A Laborious audit carried out by managers of the Social Security and National Insurance Trust (SSNIT) in the past 18 months has saved Ghana over GHC40 million.
According to the SSNIT it had successfully deleted over 6,000 ‘ghost names’ from the pensioners’ database as of April 10, 2019, amounting to a whopping GHC40,761,729.26.
The amount, SSNIT indicated, had been withheld from going into wrong hands. “For the period under review, 6,328 names were deleted from the pensioners’ list while 2,038 names were restored on the pensioners’ payroll,” Deputy Director-General (DDG) for the Trust, Ms Laurette Korkor Otchere said.
In an interview with a journalist from Finder, the DDG said that a payroll audit department had been set up to deal with ghost names and other fraud-related cases.
“The payroll audit department vets the pensions randomly to be sure that the right amounts are being paid and to the right people. We continue to do the audits to make sure that we are paying only those pensioners who must be paid,”
Meanwhile, a major contributory factor to the ghost name phenomenon at SSNIT is the failure of bereaved families to duly inform the Trust of the demise of their loved ones
Also, the processing time for pensions payments, including those for invalidity, dropped from an average of 27 days in 2017 to 21 days in 2018.
SSNIT increases pension benefits for 2019
The reduction in processing time, according to SSNIT, was below the target of 30 days, noting that “the duration in 2016 was 47 days”.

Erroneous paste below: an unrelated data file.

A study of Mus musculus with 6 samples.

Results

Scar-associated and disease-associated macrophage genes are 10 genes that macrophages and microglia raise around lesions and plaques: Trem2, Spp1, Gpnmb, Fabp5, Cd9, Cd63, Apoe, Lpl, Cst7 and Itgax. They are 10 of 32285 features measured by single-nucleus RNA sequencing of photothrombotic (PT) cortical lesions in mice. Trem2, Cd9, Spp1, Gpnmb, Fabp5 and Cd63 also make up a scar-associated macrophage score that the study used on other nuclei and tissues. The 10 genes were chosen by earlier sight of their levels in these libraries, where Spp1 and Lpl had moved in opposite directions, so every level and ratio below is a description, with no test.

Processing time for payment of old-age lump sum also dropped from an average of 14 days in 2017 to 11 days in 2018, a development SSNIT described as a major achievement from the target of 30 days.
For survivors’ lump sum, the processing time for payments dropped from an average of 15 days in 2017 to 9 days in 2018. The figure for 2016 was 25 days.
However, according to the Trust, an amount of GH¢2.801 billion was collected as contributions in 2018. The figure represents an increase of over GH¢418 million from 2017, in which GH¢2.382 billion was collected.
SSNIT noted that active establishments contributing to the scheme rose from 58,745 in 2017 to 67,101 in 2018, representing an increase of about 14%. Director-General of the Trust, Dr John Ofori Tenkorang maintained that SSNIT had a collective responsibility as managers and as stakeholders to ensure that employers paid contributions on the right salaries for all workers, “to ensure our members receive the appropriate benefits”.
“My commitment, our commitment to you and our members is to run an open and transparent administration, and provide accurate and sustainable pensions and other related benefits to contributors and their dependents as and when they fall due,” he noted.